Mike Royko Wades Into the Beer

Before I start in, thanks to Toronto-based, veteran beer writer Steve Beaumont for sending me Mike Royko’s article mentioned below. Steve’s got a new book out, Will Travel for Beer, which fans of beer and travel won’t want to miss, details here.

In July 1973 Mike Royko (1932-1997), a long-time Chicago journalist and author with a hard-boiled, satirical streak wrote on beer in the Daily Illini. You can read the article here.

Royko (pictured) assembled a panel that rated a selection of beers. The summers of the Windy City can broil, I can attest personally, and beer pieces in July or August were a stock device of editors in those days. Some time ago I described (“New York Magazine Does Beer“) a similar tasting reported on by New York magazine, held a couple of years earlier.

These 1970s beer forays were written humorously: semi-serious would put it at its highest. This was seen as appropriate for the subject of beer versus the serious sniffing of wine that had gained respectability since the 1960s. Spirits? Forget it, not on the scribblers’ map for another 20 years.

Beer critic Michael Jackson came a few years later and had a lot to do with lowering the level of levity toward beer in food and drink writing. He mentioned Royko’s article in his seminal The World Guide to Beer (1977).

I can see the influence it had on Jackson, e.g., the high opinion of Wisconsin’s Point Special, a regional but otherwise mass-market-style lager. The panel’s good opinion of some top German and U.K. names could only have encouraged Jackson as well. True, the panel kind of dissed Pilsner Urquell but Royko was quick to note that slow turnover of such items on Chicago shelves probably accounted for the middling score.

In fact, considering that so many imports then were tired from poor handling and very chancy – I was there – the high scores are testament to how inherently good they were.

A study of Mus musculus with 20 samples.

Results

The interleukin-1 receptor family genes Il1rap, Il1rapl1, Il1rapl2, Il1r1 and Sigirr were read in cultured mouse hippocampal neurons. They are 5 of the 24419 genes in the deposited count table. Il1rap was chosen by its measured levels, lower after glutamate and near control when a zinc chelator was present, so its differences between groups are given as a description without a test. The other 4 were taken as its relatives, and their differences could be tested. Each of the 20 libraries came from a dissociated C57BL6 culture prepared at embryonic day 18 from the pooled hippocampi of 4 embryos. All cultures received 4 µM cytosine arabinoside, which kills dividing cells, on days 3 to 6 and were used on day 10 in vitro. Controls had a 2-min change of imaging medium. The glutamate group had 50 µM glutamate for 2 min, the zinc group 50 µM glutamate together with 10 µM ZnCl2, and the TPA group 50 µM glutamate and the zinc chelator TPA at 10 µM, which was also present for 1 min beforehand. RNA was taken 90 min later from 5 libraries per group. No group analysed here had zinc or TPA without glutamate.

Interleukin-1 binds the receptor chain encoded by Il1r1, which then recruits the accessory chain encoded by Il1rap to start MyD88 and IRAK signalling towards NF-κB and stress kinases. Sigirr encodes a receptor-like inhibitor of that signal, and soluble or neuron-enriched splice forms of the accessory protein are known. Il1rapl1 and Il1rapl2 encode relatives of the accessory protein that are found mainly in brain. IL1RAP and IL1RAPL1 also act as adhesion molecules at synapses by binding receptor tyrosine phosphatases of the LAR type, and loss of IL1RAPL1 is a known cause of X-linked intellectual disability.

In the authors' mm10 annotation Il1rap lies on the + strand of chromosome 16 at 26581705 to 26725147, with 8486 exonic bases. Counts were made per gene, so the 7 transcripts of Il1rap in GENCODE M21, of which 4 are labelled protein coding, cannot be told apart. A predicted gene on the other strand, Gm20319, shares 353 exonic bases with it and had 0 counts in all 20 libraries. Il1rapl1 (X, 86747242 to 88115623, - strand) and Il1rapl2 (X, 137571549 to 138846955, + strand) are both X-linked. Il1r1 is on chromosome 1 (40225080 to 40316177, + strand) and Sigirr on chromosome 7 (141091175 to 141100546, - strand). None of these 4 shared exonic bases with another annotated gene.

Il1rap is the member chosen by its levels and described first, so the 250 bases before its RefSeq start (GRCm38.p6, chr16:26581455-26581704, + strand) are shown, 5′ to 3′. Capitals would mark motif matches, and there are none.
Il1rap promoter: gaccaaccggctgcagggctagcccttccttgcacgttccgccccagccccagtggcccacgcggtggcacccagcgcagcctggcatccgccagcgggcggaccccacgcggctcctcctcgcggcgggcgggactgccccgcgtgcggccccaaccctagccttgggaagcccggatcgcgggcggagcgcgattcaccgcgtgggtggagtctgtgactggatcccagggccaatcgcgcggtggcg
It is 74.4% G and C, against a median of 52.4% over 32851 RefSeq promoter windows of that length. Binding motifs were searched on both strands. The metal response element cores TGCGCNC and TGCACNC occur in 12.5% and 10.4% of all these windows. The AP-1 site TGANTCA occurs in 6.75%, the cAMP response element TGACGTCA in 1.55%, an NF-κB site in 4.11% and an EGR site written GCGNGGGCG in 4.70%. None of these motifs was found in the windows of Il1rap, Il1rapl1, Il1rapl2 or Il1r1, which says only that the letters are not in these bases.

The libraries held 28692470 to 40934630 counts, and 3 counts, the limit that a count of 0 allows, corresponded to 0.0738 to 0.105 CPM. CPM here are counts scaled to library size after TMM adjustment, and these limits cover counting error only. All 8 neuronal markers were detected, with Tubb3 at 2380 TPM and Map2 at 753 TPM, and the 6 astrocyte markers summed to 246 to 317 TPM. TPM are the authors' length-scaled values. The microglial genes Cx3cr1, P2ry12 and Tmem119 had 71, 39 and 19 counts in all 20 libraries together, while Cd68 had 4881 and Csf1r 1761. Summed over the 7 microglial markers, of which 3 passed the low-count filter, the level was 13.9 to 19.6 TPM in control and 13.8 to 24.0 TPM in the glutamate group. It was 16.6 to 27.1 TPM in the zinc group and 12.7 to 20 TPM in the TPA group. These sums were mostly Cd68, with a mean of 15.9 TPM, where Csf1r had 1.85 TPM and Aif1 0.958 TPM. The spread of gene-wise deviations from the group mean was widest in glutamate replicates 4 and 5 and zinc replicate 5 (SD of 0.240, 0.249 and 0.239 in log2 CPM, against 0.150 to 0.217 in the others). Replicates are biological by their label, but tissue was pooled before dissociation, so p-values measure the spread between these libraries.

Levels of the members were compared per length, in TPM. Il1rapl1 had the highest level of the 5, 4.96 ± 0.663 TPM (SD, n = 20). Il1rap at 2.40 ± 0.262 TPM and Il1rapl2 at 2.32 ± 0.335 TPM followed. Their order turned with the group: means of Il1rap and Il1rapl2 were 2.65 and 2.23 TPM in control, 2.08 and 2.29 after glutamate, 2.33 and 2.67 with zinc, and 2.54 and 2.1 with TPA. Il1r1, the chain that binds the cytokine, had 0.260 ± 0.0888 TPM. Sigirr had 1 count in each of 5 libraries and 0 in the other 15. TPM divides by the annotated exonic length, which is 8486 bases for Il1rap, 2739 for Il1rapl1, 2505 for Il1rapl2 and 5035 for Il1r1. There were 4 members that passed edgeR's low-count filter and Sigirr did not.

(On the other hand, Jackson’s early books gave more credibility to Budweiser, which scored very low in Royko’s tasting).

Royko himself didn’t drink beer in the poll, his job was to wash glasses and break up fights, as he put it. The panel was drawn from the ranks of the everyday beer drinker. It even included a couple of people who drank beer only occasionally. The panel did a good job judging by the tallies, the results are pretty much what one would expect even today among the kind of beers tasted.

But Royko of course was being modest: he had grown up over a tavern run by his parents and helped out behind the taps occasionally. He knew about beer, you betcha.

To be sure, the tasting had limitations: there was no domestic ale, no stout, for example. But this is Chicago, early 1970s: give them a break. Goose Island wasn’t even a gleam in anyone’s eye. Had anyone suggested that a new brewery could take root in Chicago and dontcha know, go international he would have been hooted down in a Chicago minute.

Times change.

Apart the odd outlier result Royko’s panel judged imports like Spaten, Wurzburger, and Bass on top, regional adjunct lagers in the middle (e.g. Huber), and famous names like Budweiser and Schlitz at the bottom – in the toilet as a Chicago ball fan might say.

International lagers like Kirin or Zywiec finished mid-course, as did a national name or two, which makes sense too.

Royko commented viz. the poor showing of Bud and Schlitz:

The American beer industry answers its critics by saying it gives us the kind of beer we really want. Oh yeah? ….

my back-yard beer tasters had a few … comments about Bud: a picnic beer smell; lousy; Alka Seltzer; sweet and weak; yeccch. Schlitz and Bud are free to use any of the above comments as testimonials, or in their next commercials. It might be fun to see one of those dashing actors on a sailing ship downing a can of beer and instead of grabbing for gusto, grabbing his stomach and yelling: Yeecch!

Royko was known for speaking up for the common guy: the office drudge, labourers of Slavic background (as he was) or from another sub-set of Chicago’s melting pot, all pushed and pulled by national advertising (who isn’t) and that’s just the least of it.

But he didn’t defend famous beers as somehow still keyed to the national taste, the workingman’s heart of hearts. He implied the popularity resulted from clever advertising.